Not only that, but quarterback/future Presidential candidate Ricky Dobbs was the recipient of a groundswell of media- and fan-driven support that had the senior — at the very least — on the fringe of the preseason Heisman discussion.
60 minutes into a 12-game regular-season slate, both of those lofty goals have been blow all to hell. Blowed up — thanks Emmitt — by a school coming off a two-win season and with a coach who was/is counting down the days until he’s canned.
Navy rolled up an impressive 412 yards rushing in their season-opening game against Maryland. And lost 17-14. And the statistical carnage was everywhere.
Navy had seven trips deep inside the red zone, and scored just 14 points. Dobbs struggled mightily throughout the entire game, very rarely flashing the form that electrified hardcore college fans in 2009; the now-former Heisman candidate was held to a less-than-pedestrian average of 2.2 yards on his 29 carries.
On the flip side, Maryland attempted just six passes, completing three for 16 yards; had just 11 first downs to Navy’s 26; were outgained 485-271; converted just 1-of-5 third downs; and lost the time of possession battle 39:26-20:34. And won.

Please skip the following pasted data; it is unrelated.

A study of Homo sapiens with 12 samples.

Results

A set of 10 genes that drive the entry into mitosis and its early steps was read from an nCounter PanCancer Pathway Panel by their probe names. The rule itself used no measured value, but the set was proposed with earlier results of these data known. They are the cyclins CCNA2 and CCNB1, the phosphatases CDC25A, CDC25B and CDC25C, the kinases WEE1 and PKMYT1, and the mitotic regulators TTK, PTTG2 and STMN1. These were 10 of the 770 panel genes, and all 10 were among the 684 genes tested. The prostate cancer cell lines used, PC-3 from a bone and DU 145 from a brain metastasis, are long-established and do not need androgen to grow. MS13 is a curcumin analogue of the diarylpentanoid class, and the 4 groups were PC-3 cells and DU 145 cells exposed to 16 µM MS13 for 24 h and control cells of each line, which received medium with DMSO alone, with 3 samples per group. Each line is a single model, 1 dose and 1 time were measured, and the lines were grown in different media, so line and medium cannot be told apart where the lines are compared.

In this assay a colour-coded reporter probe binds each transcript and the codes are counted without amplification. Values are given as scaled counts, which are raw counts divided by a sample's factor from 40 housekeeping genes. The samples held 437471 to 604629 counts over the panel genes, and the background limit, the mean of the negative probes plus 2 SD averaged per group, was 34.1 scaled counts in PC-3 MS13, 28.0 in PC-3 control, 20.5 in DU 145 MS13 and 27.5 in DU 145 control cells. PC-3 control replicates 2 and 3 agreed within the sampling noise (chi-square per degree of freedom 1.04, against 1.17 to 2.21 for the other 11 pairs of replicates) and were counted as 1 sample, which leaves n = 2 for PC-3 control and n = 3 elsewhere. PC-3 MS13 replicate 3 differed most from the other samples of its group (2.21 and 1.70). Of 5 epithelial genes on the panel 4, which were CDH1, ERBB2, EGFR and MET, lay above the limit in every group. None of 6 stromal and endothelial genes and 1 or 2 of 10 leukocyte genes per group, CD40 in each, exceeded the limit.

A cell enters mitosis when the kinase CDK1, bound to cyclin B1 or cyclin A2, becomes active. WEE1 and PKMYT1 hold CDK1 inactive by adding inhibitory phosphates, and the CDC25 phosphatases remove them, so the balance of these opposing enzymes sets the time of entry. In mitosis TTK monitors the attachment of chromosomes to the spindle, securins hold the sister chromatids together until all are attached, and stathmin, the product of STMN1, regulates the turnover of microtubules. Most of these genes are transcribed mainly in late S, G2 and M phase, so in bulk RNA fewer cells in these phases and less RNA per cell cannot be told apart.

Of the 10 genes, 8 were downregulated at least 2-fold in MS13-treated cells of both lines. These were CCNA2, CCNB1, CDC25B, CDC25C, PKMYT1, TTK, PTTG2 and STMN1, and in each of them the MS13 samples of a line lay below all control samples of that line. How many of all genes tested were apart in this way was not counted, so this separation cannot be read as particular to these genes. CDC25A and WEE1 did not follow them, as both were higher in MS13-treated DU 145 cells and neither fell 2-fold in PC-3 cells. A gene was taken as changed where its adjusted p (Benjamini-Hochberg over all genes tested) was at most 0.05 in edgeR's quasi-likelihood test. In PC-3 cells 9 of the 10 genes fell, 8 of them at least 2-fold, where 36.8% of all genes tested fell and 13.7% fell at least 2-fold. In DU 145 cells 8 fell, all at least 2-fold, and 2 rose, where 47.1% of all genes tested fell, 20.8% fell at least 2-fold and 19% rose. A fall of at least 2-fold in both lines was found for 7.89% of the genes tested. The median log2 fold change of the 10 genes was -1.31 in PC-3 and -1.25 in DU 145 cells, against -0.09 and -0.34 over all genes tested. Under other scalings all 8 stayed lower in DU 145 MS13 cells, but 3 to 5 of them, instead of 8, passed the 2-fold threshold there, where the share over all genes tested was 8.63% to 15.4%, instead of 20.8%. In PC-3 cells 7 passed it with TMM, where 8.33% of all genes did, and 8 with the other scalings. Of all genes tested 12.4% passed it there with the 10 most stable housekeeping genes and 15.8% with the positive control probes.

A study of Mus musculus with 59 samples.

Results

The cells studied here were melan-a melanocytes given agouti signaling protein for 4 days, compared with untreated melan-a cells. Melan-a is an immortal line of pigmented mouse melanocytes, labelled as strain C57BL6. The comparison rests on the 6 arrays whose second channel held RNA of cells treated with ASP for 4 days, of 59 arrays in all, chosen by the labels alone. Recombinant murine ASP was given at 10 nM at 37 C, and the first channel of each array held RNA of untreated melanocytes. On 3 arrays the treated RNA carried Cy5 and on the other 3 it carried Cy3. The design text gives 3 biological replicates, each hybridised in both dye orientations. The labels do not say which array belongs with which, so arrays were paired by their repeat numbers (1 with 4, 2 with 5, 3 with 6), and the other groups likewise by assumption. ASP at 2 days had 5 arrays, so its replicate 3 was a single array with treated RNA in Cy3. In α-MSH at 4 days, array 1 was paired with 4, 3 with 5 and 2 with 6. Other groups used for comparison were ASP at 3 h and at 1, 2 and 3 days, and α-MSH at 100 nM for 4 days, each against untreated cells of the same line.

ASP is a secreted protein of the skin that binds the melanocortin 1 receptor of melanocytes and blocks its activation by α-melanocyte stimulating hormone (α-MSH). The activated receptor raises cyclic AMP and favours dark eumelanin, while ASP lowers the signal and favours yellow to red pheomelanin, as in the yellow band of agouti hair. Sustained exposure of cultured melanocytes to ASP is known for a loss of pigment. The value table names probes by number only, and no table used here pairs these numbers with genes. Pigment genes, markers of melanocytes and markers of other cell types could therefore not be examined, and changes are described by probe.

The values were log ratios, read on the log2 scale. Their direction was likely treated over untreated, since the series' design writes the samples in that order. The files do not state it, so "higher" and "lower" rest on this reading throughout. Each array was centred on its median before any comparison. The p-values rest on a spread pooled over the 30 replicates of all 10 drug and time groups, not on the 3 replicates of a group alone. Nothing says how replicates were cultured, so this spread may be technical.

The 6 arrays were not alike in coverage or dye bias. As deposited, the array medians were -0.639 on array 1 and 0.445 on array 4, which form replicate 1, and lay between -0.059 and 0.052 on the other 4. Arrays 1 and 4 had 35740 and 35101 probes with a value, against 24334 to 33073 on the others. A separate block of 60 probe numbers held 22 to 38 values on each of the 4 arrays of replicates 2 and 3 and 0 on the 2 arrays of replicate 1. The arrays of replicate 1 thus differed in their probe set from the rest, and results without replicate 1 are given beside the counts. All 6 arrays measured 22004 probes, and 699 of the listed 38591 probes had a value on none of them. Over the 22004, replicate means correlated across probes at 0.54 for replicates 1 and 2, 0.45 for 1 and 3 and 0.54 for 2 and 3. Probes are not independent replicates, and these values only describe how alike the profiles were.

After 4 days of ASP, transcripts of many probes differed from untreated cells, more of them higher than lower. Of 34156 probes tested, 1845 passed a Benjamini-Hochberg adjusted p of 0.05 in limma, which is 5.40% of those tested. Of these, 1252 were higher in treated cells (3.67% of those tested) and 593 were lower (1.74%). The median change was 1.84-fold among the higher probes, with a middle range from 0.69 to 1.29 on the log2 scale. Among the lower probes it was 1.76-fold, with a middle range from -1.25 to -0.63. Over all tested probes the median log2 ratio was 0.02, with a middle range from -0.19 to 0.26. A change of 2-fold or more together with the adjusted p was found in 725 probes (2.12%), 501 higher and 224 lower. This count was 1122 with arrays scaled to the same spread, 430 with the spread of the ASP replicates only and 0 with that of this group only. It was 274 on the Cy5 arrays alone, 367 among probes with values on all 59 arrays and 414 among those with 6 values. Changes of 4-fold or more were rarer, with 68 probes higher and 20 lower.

Watching the game and seeing the result, it was a struggle to figure out what was bigger: the win Ralph Friedgen desperately needed as he attempts to hold on to his Terps job, or the inexplicable loss the Midshipmen suffered.
We’ll go with the latter as, even as we applaud the Terps’ effort, Navy had no business being on the wrong end of the final score. None.
Either that, or Maryland should be considered a darkhorse in the ACC this year. And, to answer your question, yes, I nearly made it through that entire sentence with a straight face.
What’s left unanswered, however, is where Navy goes from here after what could only be considered an embarrassing loss. Then again, the Midshipmen were just 6.5 points favorites coming in, so maybe myself and others should only be surprised by the fact that we had all overrated the football independent.